Gratitude for the Unexpected: When Trash Turns to Gold
Like most of us, I use Thanksgiving as a reminder every year to appreciate all the positive things in my life. But this year I need to shout it from the rooftops: I am most grateful for the unexpected. And I don't mean the good stuff. I mean the BS, the WTF, and the straight up trash. Let me explain. . .
My son Theo turned a year old at the beginning of August. I thought I had really made it. Ash and I threw a big party for Theo's birthday, but it was really a party for us. We had made it through our first year as parents, and relatively gracefully at that. I had powered through a full year of breastfeeding and I was still going strong. Theo was sleeping through the night. We had been through the worst and I was ready to celebrate! It was finally going to be my time to get back into my hobbies, work out consistently again, and just resume feeling like a normal person.
But right around Theo's first birthday, I started having a bunch of random health problems (the details of which I won't bore you with). The bottom line was that every day was one marked by physical discomfort and pain, and most of my "free" time away from Theo was spent going to different doctors to figure out what was going on. If you didn't know, let me be the first to tell you that raising a baby in perfect health is hard enough. . .trying to chase one around when your body's falling apart is madness.
Finally, a few weeks ago, I got some answers: I needed surgery. Ok, no big deal. I have a minor surgery, I start feeling better. Simple. But here's the thing—when you live in a city far away from your family and only have a very limited local support system, things like this can get tricky.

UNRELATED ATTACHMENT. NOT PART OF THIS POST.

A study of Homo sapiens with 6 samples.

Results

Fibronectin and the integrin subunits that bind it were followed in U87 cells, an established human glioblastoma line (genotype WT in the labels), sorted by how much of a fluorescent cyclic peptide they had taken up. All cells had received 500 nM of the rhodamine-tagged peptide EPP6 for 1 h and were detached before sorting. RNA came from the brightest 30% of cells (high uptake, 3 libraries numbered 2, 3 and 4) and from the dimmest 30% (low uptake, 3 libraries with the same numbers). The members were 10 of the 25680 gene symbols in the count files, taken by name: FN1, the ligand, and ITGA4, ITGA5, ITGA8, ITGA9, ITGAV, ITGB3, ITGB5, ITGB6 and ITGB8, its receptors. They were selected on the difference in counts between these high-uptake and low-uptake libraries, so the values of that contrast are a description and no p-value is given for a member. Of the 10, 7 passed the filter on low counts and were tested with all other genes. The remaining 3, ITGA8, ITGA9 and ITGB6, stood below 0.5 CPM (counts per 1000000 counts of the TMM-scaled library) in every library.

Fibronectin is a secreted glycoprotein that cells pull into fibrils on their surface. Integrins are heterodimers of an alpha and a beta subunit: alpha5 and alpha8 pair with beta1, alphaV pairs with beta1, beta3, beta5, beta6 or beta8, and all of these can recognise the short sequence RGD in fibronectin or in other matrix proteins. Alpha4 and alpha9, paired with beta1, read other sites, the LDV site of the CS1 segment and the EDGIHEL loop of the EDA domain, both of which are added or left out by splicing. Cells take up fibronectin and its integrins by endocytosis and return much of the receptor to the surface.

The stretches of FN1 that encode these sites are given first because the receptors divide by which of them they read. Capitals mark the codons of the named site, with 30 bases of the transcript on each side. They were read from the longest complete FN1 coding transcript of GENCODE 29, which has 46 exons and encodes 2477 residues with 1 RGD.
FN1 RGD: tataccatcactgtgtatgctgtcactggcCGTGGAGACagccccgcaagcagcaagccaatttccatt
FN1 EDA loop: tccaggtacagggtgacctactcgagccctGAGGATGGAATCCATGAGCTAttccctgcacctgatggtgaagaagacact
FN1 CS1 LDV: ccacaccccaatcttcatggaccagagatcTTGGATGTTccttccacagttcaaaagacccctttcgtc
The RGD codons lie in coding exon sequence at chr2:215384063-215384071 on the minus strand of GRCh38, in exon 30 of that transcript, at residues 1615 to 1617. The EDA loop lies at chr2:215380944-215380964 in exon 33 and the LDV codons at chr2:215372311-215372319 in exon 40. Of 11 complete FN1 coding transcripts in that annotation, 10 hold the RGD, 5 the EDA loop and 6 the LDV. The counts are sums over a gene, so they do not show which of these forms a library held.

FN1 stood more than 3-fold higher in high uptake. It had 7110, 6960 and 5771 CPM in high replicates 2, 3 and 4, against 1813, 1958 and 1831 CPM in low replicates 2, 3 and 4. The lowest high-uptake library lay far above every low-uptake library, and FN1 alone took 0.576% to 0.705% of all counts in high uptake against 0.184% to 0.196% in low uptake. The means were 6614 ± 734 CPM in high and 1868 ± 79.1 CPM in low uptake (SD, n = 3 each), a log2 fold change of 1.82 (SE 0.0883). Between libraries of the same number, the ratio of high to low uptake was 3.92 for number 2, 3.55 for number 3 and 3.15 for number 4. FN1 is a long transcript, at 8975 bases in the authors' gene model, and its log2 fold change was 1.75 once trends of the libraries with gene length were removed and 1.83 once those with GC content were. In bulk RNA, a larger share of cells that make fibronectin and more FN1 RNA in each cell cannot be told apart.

Now, this part of the story isn't for the faint of heart. About three weeks ago (a week before my surgery), Theo got a bout of gastroenteritis. It was sad, it was violent, it was disgusting. But fortunately, he got better quickly and we moved on. Until I got it two days later. I actually didn't know how I was going to survive. I was in the worst condition of my life, and I had to take care of Theo while Ash was at work. And, just for kicks, Ash was scheduled to have wisdom teeth surgery the next day. Very special timing.
So what did I do? It wasn't pretty. I cried. I yelled. But I just did my best to keep going. And a week later, I had my surgery. Because I'm still nursing and had to be able to drive, I didn't take any of the pain meds I was prescribed. The pain hovered at an 8/10 for a while, but the world continued to turn. So I kept going. I made it work because I had no choice.
You have to understand that a few years ago, I probably would've complained about the unfairness of it all to anyone who would listen. I would've taken some sick days. I would've been mad 24/7. But honestly I just didn't even have time to do that and I was too exhausted to talk about it too much. The few times that I did tell the whole story to someone in detail, it was so crazy that it sounded like fake news.
Anyway, a pretty tough week passed, and the pain improved. And now, looking back on everything with a much clearer head, I can honestly say that I am so happy my life was trash for these last few months! No, I haven't completely lost it (yet). It was only through this extremely rough patch that I realized how much I could handle. Some of it is motherhood; I really think moms have superpowers because they have no choice. But a lot of it is just a shift in perspective.
These last few months have been a good reminder that life is totally unpredictable. And if you just accept the things you can't control and do your best to improve your circumstances, that's all you can do. I remembered some wisdom from Eckhart Tolle about acceptance, and how the cause of stress is wishing that things were different than they are. This time around, I realized pretty quickly that there wasn't much I could do to change anything about my health or Theo's. I couldn't magically summon my family to come help me, and I couldn't hide under a blanket, as tempting as that sounded.
So I guess my point here is that while there is always something to complain about, sometimes it may feel better to welcome challenges as a gift to help reframe your thinking. Only in the most difficult times can you see what you're really capable of. And so, this Thanksgiving, I'm grateful for the trash. I'm grateful for the ugly. Because I feel so, so much stronger than I ever have.